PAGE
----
What Does the Recession Mean for My House Sale?

Now we know that the UK is in a recession, many homeowners will be wondering just what it means for house prices and if they’re going to see a crash similar to the credit crunch of 2008.


If you’re thinking about selling your home or are currently in the process of a sale, you might be somewhat concerned after seeing the news. But worry not! We’ve put together this handy guide that tells you just what the recession means for your house sale.

GDP figures are backwards-looking indicators 

Gross domestic product, otherwise known as GDP, measures the size of the country’s economy. As of this morning (12/8/2020), the GDP fell by 20.4% – the worst on record. However, this news isn’t particularly shocking, given that GDP figures are backwards-looking indicators. 

In plain English, that means that GDP measures the past couple of months. Today’s numbers take into account April, May and June, which were also the main months of the lockdown. With business coming to a halt across the world during that time, it’s only natural that the figures read alarmingly. 

But there is a silver living: monthly numbers show that the UK is recovering from those stark months. GDP grew by 8.7% in June as lockdown restrictions were eased and pent-up demand led to greater spending. It grew at a rate faster than many City analysts predicted. 

A picture with a different houses on it

How will the recession impact the UK housing market? 

Unlike the last recession, which was a housing market crash, bricks and mortar in the UK is likely to fare much better this time around. We can already see confidence in the market with the announcement of a stamp duty holiday, and house prices continued to rise in July by 1.6%, – 3.8% higher than July 2019.

Ninety-eight percent of properties are selling at their asking price, which has been reported as a record high. So what gives? Have we all ignored recession warnings and are ploughing on with the buying and selling of homes, the most expensive transaction many of us are ever likely to make? 

The answer isn’t a simple yes or no. House prices are still predicted to fall towards the end of this year, and in the early part of 2021. However, the psychological effects of lockdown have left many contemplating whether to move home now, with the possible uptick seen as a result of people reevaluating their living arrangements.

Yet, even with a potential price drop in the months ahead, there’s still reason to be quietly confident about the UK property market…

Lower property prices aren’t necessarily a bad thing 

If prices do fall later in the year, the plunge isn’t likely to be anything dramatic. Some analysts have predicted a drop of around 10%, which might sound high on the face of it. But dig a little deeper, and low figures could help boost the market further, especially if you’re involved in a chain. 

Lower property prices mean cheaper onward purchases. For example, if you’re selling your house for £200k, a 10% decrease means you’re potentially selling for £20k less. But if your new property purchase price is £300k, you could save £30k if the price drops by 10% on that property too. Essentially, you’re saving around £10k!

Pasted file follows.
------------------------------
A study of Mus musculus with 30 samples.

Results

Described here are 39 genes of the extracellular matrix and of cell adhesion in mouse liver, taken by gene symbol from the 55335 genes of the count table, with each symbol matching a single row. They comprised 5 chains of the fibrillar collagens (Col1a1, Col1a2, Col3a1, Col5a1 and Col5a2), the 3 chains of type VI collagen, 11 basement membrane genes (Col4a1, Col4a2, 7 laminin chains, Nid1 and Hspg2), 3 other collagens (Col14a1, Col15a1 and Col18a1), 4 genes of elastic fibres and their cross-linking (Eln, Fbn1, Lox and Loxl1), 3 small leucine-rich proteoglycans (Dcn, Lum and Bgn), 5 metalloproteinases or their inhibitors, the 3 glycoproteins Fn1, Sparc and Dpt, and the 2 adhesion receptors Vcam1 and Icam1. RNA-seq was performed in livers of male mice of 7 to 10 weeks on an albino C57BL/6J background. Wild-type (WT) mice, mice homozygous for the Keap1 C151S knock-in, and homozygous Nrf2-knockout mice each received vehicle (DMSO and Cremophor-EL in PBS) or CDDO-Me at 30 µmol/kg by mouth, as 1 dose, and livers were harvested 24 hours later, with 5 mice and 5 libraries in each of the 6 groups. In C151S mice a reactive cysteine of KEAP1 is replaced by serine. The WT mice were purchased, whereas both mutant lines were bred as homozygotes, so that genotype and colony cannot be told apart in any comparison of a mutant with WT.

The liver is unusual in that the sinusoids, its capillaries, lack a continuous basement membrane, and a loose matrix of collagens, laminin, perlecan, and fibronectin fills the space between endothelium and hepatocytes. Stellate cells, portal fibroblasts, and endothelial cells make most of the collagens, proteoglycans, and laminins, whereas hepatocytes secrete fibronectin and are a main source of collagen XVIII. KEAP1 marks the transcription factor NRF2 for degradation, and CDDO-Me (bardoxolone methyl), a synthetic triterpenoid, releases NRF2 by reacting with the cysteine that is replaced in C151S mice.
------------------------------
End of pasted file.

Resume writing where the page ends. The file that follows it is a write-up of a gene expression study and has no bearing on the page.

Balancing short-term outlook with long-term thinking 

There’s a need to keep an eye on the short-term effects of the economy, but you also can’t ignore the fact that housing transactions are in a healthy state. People still need to move, whether it’s for a new job, upsizing to start a family or downsizing because the kids have left the nest. 

Then there’s the stamp duty holiday, which has eradicated stamp duty due on homes up to £500k (unless you’re an investor or buying a second home). Many buyers have also brought forward their plans to move, as they look for areas with outside space amidst concerns of another lockdown. All these components combined together have supercharged the market.

Yellow rental house

Mortgage rates remain low 

Of course, there is another significant factor at play in the property market: mortgages. Rates are at an all-time low, and the current climate doesn’t suggest they are going to rise again anytime soon. 

Lenders need to lend too, which means they are slowly returning to the market after lockdown with a variety of products – many of which include higher loan to value mortgages. With more products to take advantage of, homebuyers can be quietly confident about finding the mortgage they need.

Is now a good time to sell your home? 

With furlough ending in the next couple months and job searches likely to increase, it won’t come as a surprise to learn that many buyers and sellers want to be one step ahead. Ultimately, they want to be happy in their new home while there’s still certainty in the market. 

A lack of summer holidays to far-flung destinations also means that people likely have a bit more than usual stored when it comes to finding a few extra thousand for a new home. This is a different summer than we’re used to, with less attention on holidays and more focus on moving home. 


Now, as we ease out of lockdown, it seems that people have grown tired of continuously waiting. They want to get on with their lives, and that includes buying selling, renting their homes. If you’re one of those people who believe it’s time to rent out our team here at mashroom would love to help. 

Request a callback, and one of our local property experts will be in touch to provide a market valuation and we’ll give you all the information you need to make an informed decision. When it comes to the UK housing market, there really is no time like the present.